MS CARNELL (continuing):

to privatise a Territory-owned corporation, it would require the Territory Owned Corporations Act 1990 to be amended to delete references to that particular company in Schedule 1 of the Act. It is also likely that separate enabling legislation would be required or that any inconsistent provisions in associated legislation would have to be removed through consequential amendments. Either way, this allows the Assembly to influence any decision to privatise.

Mr Speaker, I put it to you that the amendments proposed by Mr Corbell are unnecessary, as the Government would not be able to privatise a Territory-owned corporation without the support of the Assembly. Indeed, if Mr Corbell had cared to seek an understanding of the issues, he would have realised that, in other jurisdictions, any proposal to privatise government business enterprises has required specific legislation to be approved by parliament. As I have already pointed out, the situation in the ACT is no different. If the Government were to decide to privatise a Territory-owned corporation, this would require a number of legislative measures to be passed by the Assembly right now. Therefore, the Assembly would be fully informed of the Government's intentions and would be able to support or dismiss the proposals through a simple majority. However, none of this appears to satisfy Mr Corbell's desire to allow his party to have a veto vote on such matters. That is what we are talking about here - a veto vote.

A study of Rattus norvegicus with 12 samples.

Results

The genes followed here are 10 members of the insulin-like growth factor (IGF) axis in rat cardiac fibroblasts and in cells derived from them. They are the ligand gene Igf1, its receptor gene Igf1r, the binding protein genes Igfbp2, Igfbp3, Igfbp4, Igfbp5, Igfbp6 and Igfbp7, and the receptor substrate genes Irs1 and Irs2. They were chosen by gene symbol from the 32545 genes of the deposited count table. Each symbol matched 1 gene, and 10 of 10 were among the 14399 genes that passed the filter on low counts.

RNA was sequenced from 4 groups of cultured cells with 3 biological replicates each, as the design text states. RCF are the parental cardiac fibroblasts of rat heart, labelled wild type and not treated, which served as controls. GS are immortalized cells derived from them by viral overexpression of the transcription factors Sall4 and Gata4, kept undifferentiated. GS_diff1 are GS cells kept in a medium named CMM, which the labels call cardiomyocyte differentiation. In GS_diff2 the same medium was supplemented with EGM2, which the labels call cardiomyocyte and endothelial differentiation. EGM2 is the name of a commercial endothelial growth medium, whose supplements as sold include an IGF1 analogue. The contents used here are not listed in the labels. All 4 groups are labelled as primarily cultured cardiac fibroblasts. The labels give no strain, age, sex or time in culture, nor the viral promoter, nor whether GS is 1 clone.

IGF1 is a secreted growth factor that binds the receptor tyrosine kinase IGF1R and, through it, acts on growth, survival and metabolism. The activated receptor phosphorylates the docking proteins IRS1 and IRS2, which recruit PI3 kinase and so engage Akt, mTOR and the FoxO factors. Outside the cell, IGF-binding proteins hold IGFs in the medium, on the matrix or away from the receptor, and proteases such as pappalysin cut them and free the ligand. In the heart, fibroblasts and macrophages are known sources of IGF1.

Mr Corbell: I take a point of order, Mr Speaker, under the standing order relating to relevance. This Bill in no way deals with the issue of a two-thirds majority, and I do not understand why the Chief Minister is debating it at this point.

Mr Humphries: Mr Speaker, on the point of order: When Mr Corbell presented this Bill he talked about a two-thirds majority. That was his original announcement. He also made it clear that he wants to amend the standing orders to include a two-thirds majority as the operative provision of this legislation. It is intimately related to what has been put forward.

Mr Moore: On the point of order, Mr Speaker: Line 10 on page 2 of the Bill refers to "special majority". A special majority means something other than a conventional majority; so, of course it is relevant.

MR SPEAKER: I uphold Mr Moore's point.

MS CARNELL: Thank you very much, Mr Speaker. Again I am flabbergasted. Aside from satisfying any legal requirements, I have also advised the Assembly that the Government is conducting independent strategic reviews of ACTTAB and ACTEW that involve extensive public consultations. I have further stated that the findings will be publicly released and tabled in the Assembly before finalising any decisions upon ownership. Not only are we saying that we have to pass pieces of legislation or amendments to legislation, but also we are consulting the community and having those reports tabled in the Assembly. So much for Mr Corbell's claim that the Assembly would not have any involvement - and I use that term which he used, "any involvement" - in considering the possible privatisation of Territory-owned corporations.